NEW YORK - Stocks fell for a fourth day after another disappointing report on housing deepened worries that the economic recovery could be fading. Bond yields fell as investors sought out more stable investments.

The Dow Jones industrial average lost 134 points Tuesday following news that sales of previously occupied homes fell last month to their lowest level in 15 years. The 27 percent drop in home sales from the previous month was the biggest since record-keeping began in 1968.

The Dow dipped briefly below 10,000 for the first time in seven weeks and has now lost 375 points since its four-day slump began. The yield on the two-year Treasury note reached another record low as cautious investors piled back into the bond market.

The National Association of Realtors said sales of previously occupied homes plunged in July to an annual rate of 3.83 million, much worse than the 4.7 million estimate from economists polled by Thomson Reuters.

Home sales have fallen sharply since a homebuyer tax credit expired at the end of April, despite mortgage rates reaching record lows. A stubbornly high unemployment rate of 9.5 percent has been keeping home sales down, and banks have also been cautious in making new loans.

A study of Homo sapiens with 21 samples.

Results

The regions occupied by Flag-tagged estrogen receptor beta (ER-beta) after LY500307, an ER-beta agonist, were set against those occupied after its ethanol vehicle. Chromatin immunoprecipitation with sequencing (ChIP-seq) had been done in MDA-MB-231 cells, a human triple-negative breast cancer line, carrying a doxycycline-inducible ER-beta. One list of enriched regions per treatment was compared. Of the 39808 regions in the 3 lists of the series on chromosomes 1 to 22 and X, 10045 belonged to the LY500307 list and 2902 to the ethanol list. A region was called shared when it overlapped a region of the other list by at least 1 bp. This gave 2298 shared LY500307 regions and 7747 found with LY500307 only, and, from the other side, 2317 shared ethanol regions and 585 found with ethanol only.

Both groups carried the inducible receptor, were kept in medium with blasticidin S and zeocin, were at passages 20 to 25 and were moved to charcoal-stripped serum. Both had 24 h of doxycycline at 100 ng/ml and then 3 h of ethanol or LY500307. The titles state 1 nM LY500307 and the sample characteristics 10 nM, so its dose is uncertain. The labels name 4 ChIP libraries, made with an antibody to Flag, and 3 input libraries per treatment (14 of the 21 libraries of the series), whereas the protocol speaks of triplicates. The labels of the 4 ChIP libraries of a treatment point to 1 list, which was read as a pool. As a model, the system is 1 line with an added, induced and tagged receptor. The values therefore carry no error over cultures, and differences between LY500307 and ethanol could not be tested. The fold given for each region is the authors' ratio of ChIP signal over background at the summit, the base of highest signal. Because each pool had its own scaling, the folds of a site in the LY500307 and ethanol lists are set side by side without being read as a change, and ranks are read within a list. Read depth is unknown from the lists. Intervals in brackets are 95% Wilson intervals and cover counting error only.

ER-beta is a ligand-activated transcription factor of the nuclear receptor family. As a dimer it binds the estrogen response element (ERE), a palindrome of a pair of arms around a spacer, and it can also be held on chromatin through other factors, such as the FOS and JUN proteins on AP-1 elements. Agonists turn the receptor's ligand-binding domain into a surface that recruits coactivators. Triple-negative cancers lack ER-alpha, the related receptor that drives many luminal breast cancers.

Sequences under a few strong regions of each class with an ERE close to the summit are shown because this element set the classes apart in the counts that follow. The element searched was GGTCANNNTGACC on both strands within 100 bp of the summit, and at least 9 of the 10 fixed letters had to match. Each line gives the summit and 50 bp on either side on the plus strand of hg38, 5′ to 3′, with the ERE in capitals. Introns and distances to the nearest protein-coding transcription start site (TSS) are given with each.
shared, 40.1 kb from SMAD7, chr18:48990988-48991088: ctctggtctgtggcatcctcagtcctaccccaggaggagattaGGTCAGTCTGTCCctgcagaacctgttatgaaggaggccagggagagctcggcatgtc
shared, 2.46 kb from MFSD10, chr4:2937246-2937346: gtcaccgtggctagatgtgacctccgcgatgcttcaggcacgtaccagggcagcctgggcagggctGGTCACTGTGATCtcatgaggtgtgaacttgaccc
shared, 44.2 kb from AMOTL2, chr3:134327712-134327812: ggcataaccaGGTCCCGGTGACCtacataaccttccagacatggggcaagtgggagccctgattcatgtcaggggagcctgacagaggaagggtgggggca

"Without a boost in job creation, [buyers] just won't have the confidence to step in and buy a new home," David Katz, principal at Weiser Capital Management, said.

Other world markets also fell. Japanese stocks led the way lower, falling more than 1 percent as the yen hit a fresh 15-year high against the dollar. Japan's economy relies heavily on exports, so a stronger yen hurts the profits of major Japanese companies.

Stocks have been sliding in recent days as investors focus on signs that economic growth is slowing. A new wave of corporate dealmaking gave stocks a temporary boost Monday, but those gains quickly faded.

The Dow fell 133.96, or 1.3 percent, to close at 10,040.45. The Standard & Poor's 500 index fell 15.49, or 1.5 percent, to 1,051.87, while the Nasdaq composite index fell 35.87, or 1.7 percent, to 2,123.76.

The yield on the 10-year Treasury note, which moves opposite to its price, fell to 2.50 percent from 2.60 percent late Monday. That yield helps set interest rates on mortgages and other consumer loans.

The 10-year note's yield continues to hover around levels not reached since March 2009, when the stock market hit a 12-year low and investors were concerned about the deepening recession. The yield on the two-year note went as low as 0.46 percent, another in a series of record lows.